By Dennis Crouch
X2Y Attenuators v. US International Trade Commission as well as Intel, Apple, & HP (Fed. Cir. 2014)
In this case, the Federal Circuit affirms a narrow construction of X2Y’s claim terms based upon a disavowal of scope. In the face of USPTO pleas for patentees to more particularly define claim terms, this case offers reasons for applicants to push-back against that approach.
The decision here fully and problematically supports the current patent drafting norms where the true nature and advances offered by inventions are hidden in order to avoid unduly limiting claim scope. Under standard patent drafting technique, no elements are described as necessary, critical, preferred, or even discouraged. And, “the invention” is never particularly defined or called-out. That strategy has the result of substantially decreasing the disclosure value of a patent.
X2Y’s claims require a set of electrodes but do not expressly indicate their relative configuration. The specification discusses a particular “sandwich” configuration of electrodes and the USITC found that the claims should be construed as also requiring the sandwich formation. On appeal, the Federal Circuit affirms – finding that the language of the specification requires that the claims be so limited.
Under Phillips v. AWH, the specification and prosecution history of a patent can provide insight into proper the claim interpretation. In addition to the scope-shading offered by Phillips, scope disclaimers or term definitions coming from the applicant can dramatically shift claim scope. However, the law requires that any disclaimer must be found in a clear and unambiguous statement made by the applicant.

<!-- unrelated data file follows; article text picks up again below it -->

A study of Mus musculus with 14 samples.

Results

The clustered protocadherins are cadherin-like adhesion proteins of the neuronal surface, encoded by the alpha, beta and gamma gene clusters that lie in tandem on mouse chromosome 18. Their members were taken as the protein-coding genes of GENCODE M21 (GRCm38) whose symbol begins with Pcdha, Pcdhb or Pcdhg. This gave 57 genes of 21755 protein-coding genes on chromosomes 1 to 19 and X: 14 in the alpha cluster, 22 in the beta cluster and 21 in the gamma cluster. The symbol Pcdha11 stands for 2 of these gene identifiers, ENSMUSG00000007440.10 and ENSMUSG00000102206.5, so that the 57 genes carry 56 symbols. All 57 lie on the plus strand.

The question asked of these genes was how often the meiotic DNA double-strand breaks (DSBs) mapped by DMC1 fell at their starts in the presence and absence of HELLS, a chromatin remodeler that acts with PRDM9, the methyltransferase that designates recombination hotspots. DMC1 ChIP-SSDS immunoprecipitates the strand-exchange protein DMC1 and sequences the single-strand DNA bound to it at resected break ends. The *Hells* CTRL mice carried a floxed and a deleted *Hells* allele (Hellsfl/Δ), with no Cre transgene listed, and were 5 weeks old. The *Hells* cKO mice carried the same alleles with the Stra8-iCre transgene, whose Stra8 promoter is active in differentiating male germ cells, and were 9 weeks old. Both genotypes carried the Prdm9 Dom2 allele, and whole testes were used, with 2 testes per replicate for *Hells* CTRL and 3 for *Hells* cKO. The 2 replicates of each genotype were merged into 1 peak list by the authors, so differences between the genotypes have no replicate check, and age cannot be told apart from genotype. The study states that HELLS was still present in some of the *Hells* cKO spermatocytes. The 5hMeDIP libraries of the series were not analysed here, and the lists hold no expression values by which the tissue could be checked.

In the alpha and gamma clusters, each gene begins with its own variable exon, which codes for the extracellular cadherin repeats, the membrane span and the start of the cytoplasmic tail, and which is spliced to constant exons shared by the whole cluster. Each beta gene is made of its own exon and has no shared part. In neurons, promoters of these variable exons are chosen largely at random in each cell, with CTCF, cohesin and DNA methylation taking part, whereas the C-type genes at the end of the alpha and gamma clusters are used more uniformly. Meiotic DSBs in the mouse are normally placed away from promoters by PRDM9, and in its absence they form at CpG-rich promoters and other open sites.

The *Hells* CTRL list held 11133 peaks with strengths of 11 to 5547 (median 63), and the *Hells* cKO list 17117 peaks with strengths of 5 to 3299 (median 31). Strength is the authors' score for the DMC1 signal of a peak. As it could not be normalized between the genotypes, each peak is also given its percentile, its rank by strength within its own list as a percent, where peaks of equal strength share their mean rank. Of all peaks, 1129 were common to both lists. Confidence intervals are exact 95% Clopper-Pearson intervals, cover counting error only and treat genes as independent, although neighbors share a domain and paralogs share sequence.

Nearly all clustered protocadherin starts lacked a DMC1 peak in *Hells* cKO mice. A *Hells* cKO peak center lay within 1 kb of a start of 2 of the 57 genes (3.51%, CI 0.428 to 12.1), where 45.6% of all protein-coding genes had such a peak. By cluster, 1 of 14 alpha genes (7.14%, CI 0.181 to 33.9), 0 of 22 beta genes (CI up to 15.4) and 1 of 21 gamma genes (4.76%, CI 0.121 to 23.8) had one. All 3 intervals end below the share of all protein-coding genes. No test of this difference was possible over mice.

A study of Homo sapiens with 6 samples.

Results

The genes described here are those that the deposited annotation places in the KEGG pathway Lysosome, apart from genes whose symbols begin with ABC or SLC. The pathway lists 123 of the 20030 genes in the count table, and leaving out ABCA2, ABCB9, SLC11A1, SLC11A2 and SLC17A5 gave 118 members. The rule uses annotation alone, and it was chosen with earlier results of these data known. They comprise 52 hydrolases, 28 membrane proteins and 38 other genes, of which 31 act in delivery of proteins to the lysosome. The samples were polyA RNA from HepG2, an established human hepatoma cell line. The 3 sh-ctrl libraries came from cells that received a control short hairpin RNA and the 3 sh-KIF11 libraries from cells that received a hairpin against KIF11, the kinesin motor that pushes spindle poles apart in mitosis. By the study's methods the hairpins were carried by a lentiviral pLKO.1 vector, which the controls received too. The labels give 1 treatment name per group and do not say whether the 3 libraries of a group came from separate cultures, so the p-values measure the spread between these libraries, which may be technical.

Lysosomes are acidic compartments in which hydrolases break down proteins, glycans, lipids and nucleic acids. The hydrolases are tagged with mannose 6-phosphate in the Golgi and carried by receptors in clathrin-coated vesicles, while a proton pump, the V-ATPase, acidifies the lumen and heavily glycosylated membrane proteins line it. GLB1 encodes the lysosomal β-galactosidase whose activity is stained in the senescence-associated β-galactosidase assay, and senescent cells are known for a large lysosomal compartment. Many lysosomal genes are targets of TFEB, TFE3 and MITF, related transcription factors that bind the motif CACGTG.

In this case, the specification refers to the sandwich configuration as “universal to all the embodiments” and as “an essential element among all embodiments or connotations of the inventions.” The court finds these statements to represent a “clear and unmistakable disavowal of claim scope.” The standard for finding disavowal, while exacting, was met in this case.
To be clear, an important element of the decision here is that the disavowal is not tied to any particular claim language, but applies to all claims of the patent without regard to their express claim terms. In fact, the court goes even further and found that statements made in some family-member applications also apply to establish the disclaimer here.
The court notes that one mechanism for overcoming the disclaimer in a child application would be to expressly amend the claim scope so as to reject the disclaimer – of course that result may well have written description problems.
A unanimous majority opinion was filed by Judge Moore and joined by judges Reyna and Wallach. Judge Reyna also filed a separate concurring opinion discussing whether claim construction must come before determining whether a priority claim is proper.